9. May 2013 01:12
For the past 100 years or so, you could expect to find the family’s cherished photos organized and presented in photo albums and slide carousels. Finding them decades after they’ve been created makes for an easy and emotional way to see and reconnect with our family’s roots.
What happens in 20 years with the photos and videos we’re taking today and storing online, on hard drives, and in our smart phones? Will they still be around for future generations? Of course, they’ll never fade but they could just get erased. Left in an account somewhere that nobody knows about until the company that holds them just wipes them out. It’s impossible to expect someone to care about something they don’t even know exists. There is currently a debate about what happens to someone’s electronic accounts after the person has died. Do they get passed to heirs? What if no one knows the passwords? What a huge hassle for the heirs and the companies that host the files. Are the companies obligated to provide passwords to an heir? What proof must be provided and how?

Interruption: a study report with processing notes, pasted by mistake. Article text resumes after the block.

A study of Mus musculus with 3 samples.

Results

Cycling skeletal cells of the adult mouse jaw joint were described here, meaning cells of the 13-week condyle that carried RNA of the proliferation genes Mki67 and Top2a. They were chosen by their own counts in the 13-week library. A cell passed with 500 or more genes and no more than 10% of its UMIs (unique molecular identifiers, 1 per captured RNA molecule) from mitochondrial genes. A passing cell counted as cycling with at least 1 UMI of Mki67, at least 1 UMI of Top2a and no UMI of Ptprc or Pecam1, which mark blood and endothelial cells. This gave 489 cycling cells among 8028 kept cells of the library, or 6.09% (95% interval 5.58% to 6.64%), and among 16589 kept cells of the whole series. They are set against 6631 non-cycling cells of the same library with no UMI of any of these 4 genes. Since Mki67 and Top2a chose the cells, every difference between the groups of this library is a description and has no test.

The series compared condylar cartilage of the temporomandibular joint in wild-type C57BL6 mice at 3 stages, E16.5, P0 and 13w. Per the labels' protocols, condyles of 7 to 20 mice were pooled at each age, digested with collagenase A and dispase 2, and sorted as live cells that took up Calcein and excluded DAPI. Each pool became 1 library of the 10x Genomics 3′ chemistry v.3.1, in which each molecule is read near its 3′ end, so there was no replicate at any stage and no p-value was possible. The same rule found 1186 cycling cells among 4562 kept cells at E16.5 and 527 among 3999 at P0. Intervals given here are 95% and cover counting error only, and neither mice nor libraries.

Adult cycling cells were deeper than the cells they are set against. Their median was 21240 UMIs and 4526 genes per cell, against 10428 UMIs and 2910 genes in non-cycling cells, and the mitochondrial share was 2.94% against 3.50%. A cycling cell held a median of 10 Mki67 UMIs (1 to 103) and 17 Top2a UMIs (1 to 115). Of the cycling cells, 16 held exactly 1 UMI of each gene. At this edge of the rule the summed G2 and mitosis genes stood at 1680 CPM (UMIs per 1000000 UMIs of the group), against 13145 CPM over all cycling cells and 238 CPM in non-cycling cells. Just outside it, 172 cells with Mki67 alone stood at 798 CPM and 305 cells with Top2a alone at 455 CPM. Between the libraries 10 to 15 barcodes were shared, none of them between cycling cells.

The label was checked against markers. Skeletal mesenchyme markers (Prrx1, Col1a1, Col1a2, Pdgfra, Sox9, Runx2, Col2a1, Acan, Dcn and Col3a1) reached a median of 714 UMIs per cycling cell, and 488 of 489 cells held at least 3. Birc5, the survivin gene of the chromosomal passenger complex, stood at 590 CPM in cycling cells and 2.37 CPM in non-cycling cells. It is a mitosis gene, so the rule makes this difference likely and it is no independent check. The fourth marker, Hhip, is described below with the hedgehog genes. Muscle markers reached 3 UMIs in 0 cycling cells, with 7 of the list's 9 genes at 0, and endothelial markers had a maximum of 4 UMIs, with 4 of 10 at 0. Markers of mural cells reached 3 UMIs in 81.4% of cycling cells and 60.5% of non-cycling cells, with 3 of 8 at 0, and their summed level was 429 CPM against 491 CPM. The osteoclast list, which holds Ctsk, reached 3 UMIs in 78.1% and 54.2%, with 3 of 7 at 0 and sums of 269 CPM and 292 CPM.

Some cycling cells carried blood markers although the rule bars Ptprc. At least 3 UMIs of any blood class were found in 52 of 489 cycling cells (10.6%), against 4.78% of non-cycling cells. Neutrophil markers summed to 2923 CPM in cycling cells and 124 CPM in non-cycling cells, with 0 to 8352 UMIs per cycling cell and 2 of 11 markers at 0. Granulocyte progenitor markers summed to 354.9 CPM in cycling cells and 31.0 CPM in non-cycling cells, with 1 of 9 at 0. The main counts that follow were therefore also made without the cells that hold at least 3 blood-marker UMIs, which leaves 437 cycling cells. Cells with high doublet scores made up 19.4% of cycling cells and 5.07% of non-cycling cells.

Paper has this one advantage. People will instantly know they have the family photos without having to plug anything in and hunt around through thousands of files.
So what’s the solution?
We currently require our customers to take physical media with their photos and videos after we’ve digitized them. The optical disks are rated to last at least 100 years and they’re in cases labeled clearly as Photos. We also offer Contact Sheet Books that serve as a printed index, in bound book form, of all of the photos. It makes it easy to see all of the photos without plugging anything in.
Here are a few other possible options:
- Share your passwords with a trusted friend or relative
- Keep a copy of your accounts and their passwords in a lock box or file cabinet that’s clearly labeled as such
- Copy your photos to CD, DVD, or hard drive and label them clearly as photos
- Find other family members willing to inherit the family photos and set a plan for succession
Of course, sharing passwords comes with some risk so consider carefully what you give access to.
With a little planning your photos and your family history will survive many more generations.